Jaguar Land Rover has announced plans to have an electric version of every model it makes starting in 2030, in a strategy called Reimagine.
Jaguar itself, however, will kill off every internal-combustion vehicle only four years from now, becoming an all-EV brand by 2025.
The company had been close to rolling out an electric XJ (pictured above) but has now scrapped that model entirely.
Jaguar Land Rover has joined the rush of automakers committing to an electric future, one that will see the first Land Rover EV arrive as soon as 2024, and the British SUV brand is committing to offering a pure electric version of every model in the range as soon as 2030.
Yet the transformation for Jaguar is going to be considerably more radical. The brand’s entire range of combustion models is set to be axed as soon as 2025. From that point onward, Jaguar will become a solely electric brand, with models set to be built on what the company says is a new platform that won't be shared with Land Rover. The company has also confirmed there is no place for the forthcoming XJ sedan under this Reimagine strategy. The XJ has been scrapped despite being almost ready for market introduction—and despite being an EV. When questioned about the new strategy, JLR CEO Thierry Bolloré refused to promise that Jaguar will offer anything that could be described as a sports car beyond 2025. For a brand long associated with performance sedans, coupes, and roadsters, that marks a revolutionary change.
The official line on the XJ's cancellation was limited to a terse announcement that the car "does not fit with our vision for the reimagined brand." But Car and Driver managed to speak to a well-informed insider who says that the XJ's biggest problem was that "they [the company] didn't think they'd be able to sell enough of them" and that its combination of performance, range, and likely price point "just wasn't attractive when compared to the wider market." The XJ also seems to have fallen afoul of JLR's attempts to rationalize its production base: the Castle Bromwich plant that was to build it is set to be repurposed away from construction once the XE, XF, and F-type currently assembled there are phased out.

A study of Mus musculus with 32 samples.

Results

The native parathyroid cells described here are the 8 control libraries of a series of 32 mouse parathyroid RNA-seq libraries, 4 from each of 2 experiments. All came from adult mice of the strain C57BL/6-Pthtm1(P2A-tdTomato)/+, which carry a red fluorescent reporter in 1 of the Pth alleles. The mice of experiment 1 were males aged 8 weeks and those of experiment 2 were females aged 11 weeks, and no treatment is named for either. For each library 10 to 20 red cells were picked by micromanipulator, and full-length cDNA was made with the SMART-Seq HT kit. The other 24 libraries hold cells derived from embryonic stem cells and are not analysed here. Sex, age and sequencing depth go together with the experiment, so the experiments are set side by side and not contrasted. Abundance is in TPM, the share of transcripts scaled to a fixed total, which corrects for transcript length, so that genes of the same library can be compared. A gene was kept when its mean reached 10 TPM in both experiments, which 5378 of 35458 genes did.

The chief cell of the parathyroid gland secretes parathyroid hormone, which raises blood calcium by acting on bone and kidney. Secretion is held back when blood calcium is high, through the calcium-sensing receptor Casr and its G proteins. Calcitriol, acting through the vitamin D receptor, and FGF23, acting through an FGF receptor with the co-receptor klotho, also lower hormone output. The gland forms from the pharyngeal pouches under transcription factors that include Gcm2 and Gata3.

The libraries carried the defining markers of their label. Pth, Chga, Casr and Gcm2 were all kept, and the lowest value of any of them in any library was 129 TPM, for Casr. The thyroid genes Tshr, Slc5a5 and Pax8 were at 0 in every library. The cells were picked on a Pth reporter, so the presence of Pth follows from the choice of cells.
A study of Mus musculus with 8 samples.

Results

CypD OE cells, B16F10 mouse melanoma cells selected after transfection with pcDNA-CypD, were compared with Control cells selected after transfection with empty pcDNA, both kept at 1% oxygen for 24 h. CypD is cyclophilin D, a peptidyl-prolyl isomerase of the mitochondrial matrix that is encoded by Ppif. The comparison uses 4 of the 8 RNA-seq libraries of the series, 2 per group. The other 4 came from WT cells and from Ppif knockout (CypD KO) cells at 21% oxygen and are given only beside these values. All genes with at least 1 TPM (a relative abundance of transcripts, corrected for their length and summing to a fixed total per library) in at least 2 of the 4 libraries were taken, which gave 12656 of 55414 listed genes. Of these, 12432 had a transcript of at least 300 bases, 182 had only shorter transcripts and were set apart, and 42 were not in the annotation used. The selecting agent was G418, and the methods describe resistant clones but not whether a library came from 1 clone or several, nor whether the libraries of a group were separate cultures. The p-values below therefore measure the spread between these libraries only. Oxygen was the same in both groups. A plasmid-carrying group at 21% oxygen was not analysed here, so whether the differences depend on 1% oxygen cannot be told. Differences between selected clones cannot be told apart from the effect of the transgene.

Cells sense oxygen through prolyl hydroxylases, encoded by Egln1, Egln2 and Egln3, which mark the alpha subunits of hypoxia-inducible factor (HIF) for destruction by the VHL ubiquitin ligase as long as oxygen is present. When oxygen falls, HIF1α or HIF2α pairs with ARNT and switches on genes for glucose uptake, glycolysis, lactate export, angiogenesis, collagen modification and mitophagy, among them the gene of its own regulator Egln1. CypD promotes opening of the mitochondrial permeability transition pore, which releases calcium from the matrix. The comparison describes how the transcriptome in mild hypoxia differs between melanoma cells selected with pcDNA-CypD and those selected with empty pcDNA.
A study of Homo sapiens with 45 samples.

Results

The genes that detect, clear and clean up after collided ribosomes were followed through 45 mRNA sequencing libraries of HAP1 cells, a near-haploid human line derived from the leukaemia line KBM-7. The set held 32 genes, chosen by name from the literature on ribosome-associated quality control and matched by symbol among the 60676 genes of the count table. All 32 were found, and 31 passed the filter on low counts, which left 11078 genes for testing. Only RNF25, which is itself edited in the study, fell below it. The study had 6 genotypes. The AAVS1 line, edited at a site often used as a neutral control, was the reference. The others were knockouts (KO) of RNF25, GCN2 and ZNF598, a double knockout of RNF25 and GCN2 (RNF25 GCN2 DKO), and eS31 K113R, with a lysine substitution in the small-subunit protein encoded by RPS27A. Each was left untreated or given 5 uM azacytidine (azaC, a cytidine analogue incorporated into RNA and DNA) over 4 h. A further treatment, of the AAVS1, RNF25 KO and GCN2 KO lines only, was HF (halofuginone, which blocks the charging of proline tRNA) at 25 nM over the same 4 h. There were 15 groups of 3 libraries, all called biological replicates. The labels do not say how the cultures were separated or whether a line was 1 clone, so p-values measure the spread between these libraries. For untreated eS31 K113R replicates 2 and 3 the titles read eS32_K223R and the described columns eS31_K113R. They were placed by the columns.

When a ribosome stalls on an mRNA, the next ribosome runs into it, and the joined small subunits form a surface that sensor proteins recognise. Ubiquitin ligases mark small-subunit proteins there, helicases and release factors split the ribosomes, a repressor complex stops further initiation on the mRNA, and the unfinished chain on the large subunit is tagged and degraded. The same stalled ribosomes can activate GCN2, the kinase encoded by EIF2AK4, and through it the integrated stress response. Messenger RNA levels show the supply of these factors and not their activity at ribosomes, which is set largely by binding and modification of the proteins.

Bolloré refused to say how many models Jaguar will offer beyond 2025 but conceded that "the portfolio is going to be more compact." That is no surprise given the brand’s sliding sales. After a peak of 180,000 units following the launch of the F-Pace and E-Pace crossovers, these had slumped to just 102,000 globally last year. That figure was driven downward by the COVID-19 crisis but also split among six different models. That's barely more than the 93,000 across two model lines that Saab managed in the year before GM dumped it in 2010. Bolloré promised that the brand’s future will involve cars that "totally reimagine Jaguar and are absolutely unique." Yet, given current market trends, we'd be very surprised if that didn’t result in a lineup formed exclusively of crossover EVs.
Six Land Rover EVs on Sale by 2025
By contrast, Land Rover sold 323,000 vehicles last year, and the imbalance between the relative importance of the two brands for their parent company looks set to grow further. While Jaguar will use a single pure-EV architecture—which we are told is unrelated to the one that sits beneath the I-Pace—Land Rover will get two new platforms. The Modular Longitudinal Architecture will underpin larger models and will allow for both combustion and EV variants. The smaller Electric Modular Architecture will be primarily EV, but will also allow for electrified combustion engines.
Bolloré also confirmed that Land Rover's Defender, Discovery, and Range Rover families will all continue into this era of electrification, with the first fully electric Land Rover due in 2024 and six on sale by 2025. He predicted that 60 percent of the brand's global sales will be zero emission by 2030. Bolloré said that diesel will die by 2026 in Land Rover products. That's a big deal in the parts of the world where compression ignition makes up the vast majority of sales. He also confirmed a heavy investment in hydrogen fuel-cell technology, with test mules due to be running by the end of the year. JLR's deal with BMW to jointly develop electric powertrains for future models will continue. Doing all this will involve an investment that will be the equivalent of $3.5 billion a year.
So Land Rover's future looks pretty rosy, but Jaguar is set to undergo unprecedented change in its quest for relevance. We hope it works; it's certainly a more radical strategy than letting sales slide further, but it does mean that the canceled XJ is going to be one of automotive history's great might-have-beens.